A new prime minister is always a good excuse for Canadians to reaffirm their national identity as distinct from the giant, overbearing neighbor to their south.
So most Canadian eyes were on Prime Minister Paul Martin for his first meeting with President Bush on Tuesday. They wanted to see if he would walk that difficult line between friendship with the United States and maple-leaf sovereignty, while still warming the frosty relationship that prevailed under his predecessor, Jean Chrétien. The feisty Chrétien enjoyed brandishing his nationalist credentials during a decade in office.
It helped that the two leaders met long after Canada opposed the Iraq war and on neutral ground (on the sidelines of a Summit of the Americas in Mexico). They reported "good vibes" (they're both former businessmen) and announced actions to solve a few bilateral disputes, such as letting Canada bid on contracts in Iraq.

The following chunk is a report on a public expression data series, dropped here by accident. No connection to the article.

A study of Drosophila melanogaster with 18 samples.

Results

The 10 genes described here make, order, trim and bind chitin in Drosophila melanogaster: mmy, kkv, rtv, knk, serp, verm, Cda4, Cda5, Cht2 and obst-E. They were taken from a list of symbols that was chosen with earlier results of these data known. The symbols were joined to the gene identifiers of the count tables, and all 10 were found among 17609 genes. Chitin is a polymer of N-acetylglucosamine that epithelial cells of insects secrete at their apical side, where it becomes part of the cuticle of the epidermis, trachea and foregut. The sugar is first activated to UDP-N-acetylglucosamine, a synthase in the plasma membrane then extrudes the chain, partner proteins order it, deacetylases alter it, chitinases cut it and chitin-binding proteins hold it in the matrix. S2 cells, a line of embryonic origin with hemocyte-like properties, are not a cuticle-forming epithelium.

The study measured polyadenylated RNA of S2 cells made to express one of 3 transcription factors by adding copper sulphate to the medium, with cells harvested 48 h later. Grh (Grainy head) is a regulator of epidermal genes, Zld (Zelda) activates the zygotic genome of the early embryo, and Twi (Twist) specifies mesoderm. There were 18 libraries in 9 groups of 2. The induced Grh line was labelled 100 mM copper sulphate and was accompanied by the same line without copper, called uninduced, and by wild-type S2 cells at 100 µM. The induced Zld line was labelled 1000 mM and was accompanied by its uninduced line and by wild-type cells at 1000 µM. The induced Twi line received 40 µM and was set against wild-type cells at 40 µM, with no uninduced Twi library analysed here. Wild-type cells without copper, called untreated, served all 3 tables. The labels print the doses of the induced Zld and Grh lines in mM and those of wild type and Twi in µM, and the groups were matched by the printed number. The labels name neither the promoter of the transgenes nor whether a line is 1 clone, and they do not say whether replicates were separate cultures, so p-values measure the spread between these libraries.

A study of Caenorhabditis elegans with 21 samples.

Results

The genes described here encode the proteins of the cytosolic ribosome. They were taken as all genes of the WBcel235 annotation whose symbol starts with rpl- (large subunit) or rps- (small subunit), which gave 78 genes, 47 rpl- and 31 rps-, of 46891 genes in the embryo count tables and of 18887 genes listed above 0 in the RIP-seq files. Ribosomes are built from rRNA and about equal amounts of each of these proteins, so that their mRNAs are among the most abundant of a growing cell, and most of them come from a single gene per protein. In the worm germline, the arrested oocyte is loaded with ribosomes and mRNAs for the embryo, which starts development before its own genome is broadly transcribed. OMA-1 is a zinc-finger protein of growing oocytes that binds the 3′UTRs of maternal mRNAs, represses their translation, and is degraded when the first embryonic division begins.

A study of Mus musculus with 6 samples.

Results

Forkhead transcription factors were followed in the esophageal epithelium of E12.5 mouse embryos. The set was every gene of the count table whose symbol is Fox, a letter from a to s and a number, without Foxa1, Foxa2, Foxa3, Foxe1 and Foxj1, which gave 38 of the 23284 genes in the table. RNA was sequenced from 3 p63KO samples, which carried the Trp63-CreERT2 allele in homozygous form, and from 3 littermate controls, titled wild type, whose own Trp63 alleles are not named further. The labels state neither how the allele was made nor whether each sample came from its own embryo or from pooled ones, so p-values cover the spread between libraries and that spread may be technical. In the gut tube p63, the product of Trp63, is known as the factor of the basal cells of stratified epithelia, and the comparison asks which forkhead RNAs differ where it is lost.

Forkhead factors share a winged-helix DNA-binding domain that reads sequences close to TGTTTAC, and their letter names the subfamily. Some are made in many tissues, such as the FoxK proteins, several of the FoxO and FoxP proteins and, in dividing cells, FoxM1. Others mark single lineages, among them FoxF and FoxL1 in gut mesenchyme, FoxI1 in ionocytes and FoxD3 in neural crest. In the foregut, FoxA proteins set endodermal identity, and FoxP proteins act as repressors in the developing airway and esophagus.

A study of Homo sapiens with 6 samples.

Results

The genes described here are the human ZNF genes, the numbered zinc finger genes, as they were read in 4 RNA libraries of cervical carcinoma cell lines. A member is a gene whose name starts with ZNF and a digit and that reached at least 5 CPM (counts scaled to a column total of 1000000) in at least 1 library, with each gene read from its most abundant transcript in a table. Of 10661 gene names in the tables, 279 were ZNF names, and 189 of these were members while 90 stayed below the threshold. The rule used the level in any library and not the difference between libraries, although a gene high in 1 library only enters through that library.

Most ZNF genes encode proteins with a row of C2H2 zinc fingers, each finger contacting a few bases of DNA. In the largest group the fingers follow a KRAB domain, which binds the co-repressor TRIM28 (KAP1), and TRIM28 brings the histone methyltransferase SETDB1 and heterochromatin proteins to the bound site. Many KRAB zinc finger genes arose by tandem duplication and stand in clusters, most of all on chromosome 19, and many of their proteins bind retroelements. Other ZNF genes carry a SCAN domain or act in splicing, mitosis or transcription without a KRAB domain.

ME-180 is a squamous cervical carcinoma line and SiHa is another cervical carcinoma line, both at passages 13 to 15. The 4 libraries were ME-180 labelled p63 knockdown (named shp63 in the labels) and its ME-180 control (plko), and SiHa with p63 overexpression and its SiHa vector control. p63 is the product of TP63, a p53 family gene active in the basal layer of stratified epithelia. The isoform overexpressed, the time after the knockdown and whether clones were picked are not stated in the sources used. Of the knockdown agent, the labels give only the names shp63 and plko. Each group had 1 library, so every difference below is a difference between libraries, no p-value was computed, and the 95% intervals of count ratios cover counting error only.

But as much as the United States and its largest trading partner always manage to resolve differences, Ottawa knows that Washington will take it more seriously if it keeps investing in its military and cooperates with continental defense.
Mr. Martin played it smart by deciding to move ahead and participate in a US missile-defense system for North America that's scheduled to become operational later this year. He has also promised to rebuild the Canadian armed forces, which have deteriorated to the point that they needed US help to transport nearly 2,000 peacekeepers to postwar Afghanistan.
Rebuilding Canada's military will take billions at a time when a similar amount is needed to fix its national healthcare system. Martin, who as finance minister under Mr. Chrétien helped gut military spending after the cold war, now must find a way to balance domestic priorities with a need to keep America's attention.